Legislation Would Close Loophole that Exploits G.I. Bill Benefits and Taxpayer Dollars


WASHINGTON, DC – U.S. Senators Gary Peters and Debbie Stabenow today joined their colleagues in introducing the Military and Veterans Education Protection Act of 2015 to close a loophole that allows for-profit schools to exploit veteran educational benefits and tuition assistance. Under current law, for-profit schools must follow the “90-10 rule” which requires them to obtain at least 10 percent of their revenues from sources other than taxpayers. However, current law leaves open a loophole that allows for-profit institutions to count military and veteran educational assistance, including tuition assistance and Post-9/11 G.I. Bill benefits, as non-federal revenues. As a result, some bad actors in the for-profit industry are exploiting the 90-10 rule loophole by aggressively recruiting servicemembers and veterans eligible for these educational benefits. 

“Countless veterans have used the G.I. Bill to pay for higher education after serving our nation in uniform, and it is very disturbing that certain bad actors are taking advantage of our servicemembers and veterans to obtain taxpayer money,” said Senator Peters. “I’m glad to join my colleagues in introducing this legislation that better safeguards taxpayers in Michigan and across the country while protecting the benefits veterans and servicemembers have earned through their service.”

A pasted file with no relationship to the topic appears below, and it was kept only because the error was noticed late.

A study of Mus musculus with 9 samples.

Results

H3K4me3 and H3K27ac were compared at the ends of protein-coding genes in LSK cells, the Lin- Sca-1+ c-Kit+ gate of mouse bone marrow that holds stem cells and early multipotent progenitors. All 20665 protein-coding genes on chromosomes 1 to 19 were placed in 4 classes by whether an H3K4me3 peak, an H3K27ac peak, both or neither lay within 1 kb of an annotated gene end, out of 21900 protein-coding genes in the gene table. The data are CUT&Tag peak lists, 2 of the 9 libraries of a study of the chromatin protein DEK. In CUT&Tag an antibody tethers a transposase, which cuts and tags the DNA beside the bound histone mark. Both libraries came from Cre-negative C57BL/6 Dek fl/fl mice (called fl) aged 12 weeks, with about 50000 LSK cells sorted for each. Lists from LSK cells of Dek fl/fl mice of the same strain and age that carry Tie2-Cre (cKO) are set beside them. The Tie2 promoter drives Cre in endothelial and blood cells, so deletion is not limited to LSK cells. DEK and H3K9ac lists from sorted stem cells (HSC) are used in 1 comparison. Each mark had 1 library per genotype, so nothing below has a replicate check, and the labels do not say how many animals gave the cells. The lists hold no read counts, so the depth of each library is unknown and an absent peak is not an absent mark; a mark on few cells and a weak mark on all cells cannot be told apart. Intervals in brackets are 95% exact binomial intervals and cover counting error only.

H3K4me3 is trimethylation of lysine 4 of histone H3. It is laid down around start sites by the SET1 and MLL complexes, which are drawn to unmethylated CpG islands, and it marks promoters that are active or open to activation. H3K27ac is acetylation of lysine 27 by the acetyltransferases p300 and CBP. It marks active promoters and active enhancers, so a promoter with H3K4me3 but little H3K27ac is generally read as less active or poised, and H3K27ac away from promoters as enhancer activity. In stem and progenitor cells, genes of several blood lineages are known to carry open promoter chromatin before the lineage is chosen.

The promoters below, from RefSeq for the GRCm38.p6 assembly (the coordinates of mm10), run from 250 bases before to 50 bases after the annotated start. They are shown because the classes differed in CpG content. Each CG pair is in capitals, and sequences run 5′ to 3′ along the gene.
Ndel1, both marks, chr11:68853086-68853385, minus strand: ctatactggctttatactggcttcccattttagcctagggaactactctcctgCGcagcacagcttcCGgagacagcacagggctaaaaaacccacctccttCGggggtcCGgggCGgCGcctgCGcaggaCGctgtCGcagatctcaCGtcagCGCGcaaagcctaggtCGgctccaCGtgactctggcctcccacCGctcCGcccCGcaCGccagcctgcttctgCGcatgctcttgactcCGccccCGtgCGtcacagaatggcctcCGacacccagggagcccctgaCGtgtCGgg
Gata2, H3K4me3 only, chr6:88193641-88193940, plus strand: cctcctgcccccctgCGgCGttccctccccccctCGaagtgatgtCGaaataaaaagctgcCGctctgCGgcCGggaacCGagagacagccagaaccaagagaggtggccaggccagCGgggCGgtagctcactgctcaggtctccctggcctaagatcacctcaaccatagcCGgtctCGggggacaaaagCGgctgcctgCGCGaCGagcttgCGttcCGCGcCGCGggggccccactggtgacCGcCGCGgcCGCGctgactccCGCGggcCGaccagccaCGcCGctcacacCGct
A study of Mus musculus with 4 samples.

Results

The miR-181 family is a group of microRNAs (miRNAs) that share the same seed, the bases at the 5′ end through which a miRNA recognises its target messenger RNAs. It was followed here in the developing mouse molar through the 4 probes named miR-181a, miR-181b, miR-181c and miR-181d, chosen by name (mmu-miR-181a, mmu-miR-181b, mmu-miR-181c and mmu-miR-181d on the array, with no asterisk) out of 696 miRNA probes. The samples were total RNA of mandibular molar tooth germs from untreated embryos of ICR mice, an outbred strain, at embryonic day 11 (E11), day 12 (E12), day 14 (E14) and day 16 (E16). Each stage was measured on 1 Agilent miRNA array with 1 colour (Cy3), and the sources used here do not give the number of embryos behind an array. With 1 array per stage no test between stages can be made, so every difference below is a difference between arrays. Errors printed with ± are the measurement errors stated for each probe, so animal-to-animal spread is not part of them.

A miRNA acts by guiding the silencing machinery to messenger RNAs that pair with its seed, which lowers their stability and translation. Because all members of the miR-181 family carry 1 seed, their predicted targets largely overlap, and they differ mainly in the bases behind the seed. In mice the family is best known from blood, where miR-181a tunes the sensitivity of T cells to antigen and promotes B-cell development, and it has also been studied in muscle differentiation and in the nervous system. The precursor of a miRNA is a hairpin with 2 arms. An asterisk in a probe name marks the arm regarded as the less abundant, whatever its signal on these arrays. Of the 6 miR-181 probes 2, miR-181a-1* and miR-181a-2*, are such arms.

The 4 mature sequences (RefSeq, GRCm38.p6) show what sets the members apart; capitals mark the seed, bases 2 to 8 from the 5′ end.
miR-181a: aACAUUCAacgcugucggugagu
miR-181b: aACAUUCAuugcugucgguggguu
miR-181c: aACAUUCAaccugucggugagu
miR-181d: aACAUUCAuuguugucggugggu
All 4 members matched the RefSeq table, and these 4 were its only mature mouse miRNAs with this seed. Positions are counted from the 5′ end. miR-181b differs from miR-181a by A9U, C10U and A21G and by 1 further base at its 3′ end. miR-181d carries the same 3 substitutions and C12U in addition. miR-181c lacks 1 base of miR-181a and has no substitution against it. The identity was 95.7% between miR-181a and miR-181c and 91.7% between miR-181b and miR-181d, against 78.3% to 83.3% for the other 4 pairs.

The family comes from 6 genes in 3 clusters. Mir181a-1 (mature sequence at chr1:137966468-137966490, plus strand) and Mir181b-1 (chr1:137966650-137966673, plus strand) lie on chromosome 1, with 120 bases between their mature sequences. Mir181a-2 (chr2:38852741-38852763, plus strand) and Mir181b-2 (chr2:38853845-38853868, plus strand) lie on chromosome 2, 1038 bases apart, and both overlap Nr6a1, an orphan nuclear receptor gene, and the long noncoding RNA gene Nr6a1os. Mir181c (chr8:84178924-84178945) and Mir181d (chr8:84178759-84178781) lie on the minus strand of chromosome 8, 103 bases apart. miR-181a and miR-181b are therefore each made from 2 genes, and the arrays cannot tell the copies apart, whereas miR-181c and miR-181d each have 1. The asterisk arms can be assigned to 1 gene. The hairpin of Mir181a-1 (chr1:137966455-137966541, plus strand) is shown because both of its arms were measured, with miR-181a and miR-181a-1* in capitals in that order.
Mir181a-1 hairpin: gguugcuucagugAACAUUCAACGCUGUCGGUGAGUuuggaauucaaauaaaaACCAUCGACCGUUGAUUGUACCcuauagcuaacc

“America's veterans and servicemembers make countless sacrifices to keep us safe,” said Senator Stabenow. “This bill will help protect taxpayers as well as the education benefits that these brave men and women have earned.” 

Since 2009, more than one million servicemembers, veterans, and their families have financed their higher education using the G.I. Bill, and millions more will take advantage of this benefit in the years to come. However, in the past five years, 40 percent of Post-9/11 G.I. Bill tuition benefits have gone to the for-profit sector, even as questions continue to be raised about these institutions’ graduation, default, and job placement rates.

The recent collapse of the for-profit chain Corinthian Colleges – which received $186 million in Post-9/11 G.I. Bill dollars – due to financial problems is another glaring reminder that Congress must remain diligent to protect active-duty military, veterans, and taxpayers. This legislation would require G.I. Bill benefits that come from the Department of Veterans Affairs and military education benefits offered through the Department of Defense to count toward the 90-percent limit on the federal share of a school’s revenue.